Notable deaths elsewhere

March 08, 2010|By The Washington Post


Photographer of presidents

Fabian Bachrach, who photographed presidents, kings, celebrities, and thousands of businessmen and brides as the proprietor of the country's oldest portrait photography studio, died Feb. 26 of pneumonia in Newton, Mass.

Mr. Bachrach and his brother, Bradford, were the third generation of their family to operate Bachrach Photography, which was founded by their grandfather in 1868 and became known for its authoritative portraits of America's leadership class. Most of the studio's work consisted of photographing executives, graduates, babies and brides, but for more than 100 years the Bachrachs also specialized in photographing presidents.

Under difficult circumstances in 1959, Mr. Bachrach created a memorable image of John F. Kennedy that captured the youthful spirit of the president-to-be. Earlier that year, Mr. Bachrach had a studio session with Mr. Kennedy, then a Democratic senator from Massachusetts, but Mr. Kennedy was troubled by back pain, and the photographs showed it. With persistence and cajolery, Mr. Bachrach managed to schedule a second session at Mr. Kennedy's Capitol Hill office.

With Mr. Kennedy debating a bill on the Senate floor, his secretary called to cancel the appointment, but Mr. Bachrach showed up with his cameras and lights anyway.

"I said I didn't get the message," he told Boston Business magazine in 1987. "We waited three hours and when Kennedy appeared, he was not particularly pleased to see me."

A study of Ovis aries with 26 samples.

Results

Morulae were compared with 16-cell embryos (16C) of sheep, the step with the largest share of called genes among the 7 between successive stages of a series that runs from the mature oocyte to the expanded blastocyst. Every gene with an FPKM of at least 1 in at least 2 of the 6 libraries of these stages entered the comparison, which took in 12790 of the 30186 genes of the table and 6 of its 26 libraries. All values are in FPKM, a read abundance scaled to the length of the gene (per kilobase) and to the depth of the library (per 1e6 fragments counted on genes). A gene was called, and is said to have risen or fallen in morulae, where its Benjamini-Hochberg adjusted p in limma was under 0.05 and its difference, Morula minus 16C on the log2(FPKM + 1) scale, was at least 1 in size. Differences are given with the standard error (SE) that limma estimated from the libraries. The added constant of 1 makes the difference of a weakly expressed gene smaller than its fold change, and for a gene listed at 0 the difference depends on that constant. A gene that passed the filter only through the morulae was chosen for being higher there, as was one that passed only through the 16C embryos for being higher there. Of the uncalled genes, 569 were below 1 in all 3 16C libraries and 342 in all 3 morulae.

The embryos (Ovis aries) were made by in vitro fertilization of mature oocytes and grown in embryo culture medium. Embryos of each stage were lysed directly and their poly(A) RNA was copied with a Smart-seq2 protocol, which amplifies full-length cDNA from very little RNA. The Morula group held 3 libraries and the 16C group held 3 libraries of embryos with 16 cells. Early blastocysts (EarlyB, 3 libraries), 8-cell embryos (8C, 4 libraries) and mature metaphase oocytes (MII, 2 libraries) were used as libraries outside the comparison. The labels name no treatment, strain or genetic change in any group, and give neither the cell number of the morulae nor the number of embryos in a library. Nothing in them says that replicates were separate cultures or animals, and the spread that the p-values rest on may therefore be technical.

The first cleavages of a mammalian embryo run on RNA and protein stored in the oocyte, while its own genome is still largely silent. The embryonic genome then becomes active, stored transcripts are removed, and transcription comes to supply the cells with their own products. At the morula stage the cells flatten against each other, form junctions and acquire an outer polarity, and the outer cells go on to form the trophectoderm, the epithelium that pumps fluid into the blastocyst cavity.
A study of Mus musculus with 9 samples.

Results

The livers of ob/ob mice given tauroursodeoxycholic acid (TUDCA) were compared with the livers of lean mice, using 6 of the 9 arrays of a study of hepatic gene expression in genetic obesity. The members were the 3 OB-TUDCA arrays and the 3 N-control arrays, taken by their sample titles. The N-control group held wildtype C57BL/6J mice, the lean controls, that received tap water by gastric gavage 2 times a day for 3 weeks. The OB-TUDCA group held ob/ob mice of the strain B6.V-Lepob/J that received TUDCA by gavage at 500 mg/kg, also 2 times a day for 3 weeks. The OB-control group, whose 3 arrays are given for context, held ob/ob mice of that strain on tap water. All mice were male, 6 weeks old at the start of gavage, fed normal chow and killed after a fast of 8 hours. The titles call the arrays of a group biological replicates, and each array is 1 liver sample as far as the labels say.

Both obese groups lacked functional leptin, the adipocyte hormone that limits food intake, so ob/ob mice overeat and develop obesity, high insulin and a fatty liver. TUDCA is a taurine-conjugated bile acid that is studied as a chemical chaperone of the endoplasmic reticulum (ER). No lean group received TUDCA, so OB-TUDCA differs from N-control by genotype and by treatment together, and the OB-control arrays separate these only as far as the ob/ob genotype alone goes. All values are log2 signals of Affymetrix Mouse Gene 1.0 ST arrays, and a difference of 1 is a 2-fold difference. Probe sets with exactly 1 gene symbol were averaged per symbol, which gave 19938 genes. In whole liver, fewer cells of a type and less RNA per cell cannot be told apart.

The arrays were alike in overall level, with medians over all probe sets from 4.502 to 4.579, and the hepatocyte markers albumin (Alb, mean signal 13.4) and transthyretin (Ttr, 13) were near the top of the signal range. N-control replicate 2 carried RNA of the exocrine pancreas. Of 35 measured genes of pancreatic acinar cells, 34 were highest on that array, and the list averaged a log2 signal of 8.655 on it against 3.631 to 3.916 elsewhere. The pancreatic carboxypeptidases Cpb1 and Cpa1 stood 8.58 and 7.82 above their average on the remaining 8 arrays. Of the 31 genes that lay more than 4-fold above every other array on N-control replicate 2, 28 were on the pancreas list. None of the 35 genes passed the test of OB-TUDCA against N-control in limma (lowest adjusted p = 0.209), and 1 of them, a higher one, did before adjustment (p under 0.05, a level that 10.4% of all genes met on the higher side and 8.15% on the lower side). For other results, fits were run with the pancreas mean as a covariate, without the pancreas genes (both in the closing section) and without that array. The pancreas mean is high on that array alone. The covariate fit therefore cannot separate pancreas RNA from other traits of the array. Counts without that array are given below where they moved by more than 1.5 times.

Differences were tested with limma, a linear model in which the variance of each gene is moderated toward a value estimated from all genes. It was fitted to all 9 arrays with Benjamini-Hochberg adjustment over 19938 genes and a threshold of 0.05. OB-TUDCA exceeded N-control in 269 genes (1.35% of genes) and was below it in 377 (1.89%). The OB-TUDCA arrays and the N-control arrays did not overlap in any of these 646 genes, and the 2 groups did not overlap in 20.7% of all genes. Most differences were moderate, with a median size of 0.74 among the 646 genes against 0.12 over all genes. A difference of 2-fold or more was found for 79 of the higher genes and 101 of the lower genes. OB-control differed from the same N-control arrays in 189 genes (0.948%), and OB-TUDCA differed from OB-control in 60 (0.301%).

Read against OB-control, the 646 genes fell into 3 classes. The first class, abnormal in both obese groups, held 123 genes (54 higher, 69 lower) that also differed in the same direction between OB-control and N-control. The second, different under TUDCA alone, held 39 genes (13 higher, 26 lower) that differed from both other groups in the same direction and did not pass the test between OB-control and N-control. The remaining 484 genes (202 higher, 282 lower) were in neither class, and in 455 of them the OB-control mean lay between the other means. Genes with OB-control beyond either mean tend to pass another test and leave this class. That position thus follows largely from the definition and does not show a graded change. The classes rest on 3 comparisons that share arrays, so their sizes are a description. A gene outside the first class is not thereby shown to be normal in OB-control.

He had only 10 minutes to snap six images. But one of those photos, in which Mr. Kennedy looked directly into the camera, seemed alive with the strength and charisma of his personality.

It became Mr. Kennedy's official campaign portrait when he ran for president in 1960 and has been reproduced countless times.

"It's really the photograph Jack Kennedy is remembered by," one of Mr. Bachrach's sons, Louis Fabian "Chip" Bachrach III, said last week. "I think Jack Kennedy aged something awful in the three years he was president. Here, he's still a handsome, dashing young man. The world hasn't worn him down that much yet."

Although he came late to photography, at 29, Mr. Bachrach helped develop his studio's signature style of dignity and polish, training photographers to emulate the light and mood of painted portraits by Rembrandt and John Singer Sargent.

"What we try to do is tell the truth in kindly terms," Chip Bachrach said. "It's an art form."

Over the years, Mr. Bachrach photographed Muhammad Ali, Joe DiMaggio, Indira Gandhi, Julia Child, poet Robert Frost, and Presidents Richard M. Nixon, Ronald Reagan and George H.W. Bush. A coffee-table book of Bachrach portraits was published in 1992.

"People have a very romanticized idea of what photographing famous people is all about," Mr. Bachrach said in 1987. "There's a lot of pressure to get good results, often very quickly. You're under the gun. There isn't a lot of fun in it. It's mostly anxiety."

Mr. Bachrach was in his 80s when he retired from the family business, which is now run by his son Robert. Chip Bachrach, the former chairman of Bachrach Photography, now has a separate photography business.

His wife of 46 years, Janice Daugherty Bachrach, died in 1988.

Survivors include his wife since 1989, Eleanor Volk Bachrach of West Newton, Mass.; four children; five stepchildren; a sister; nine grandchildren; and seven great-grandchildren.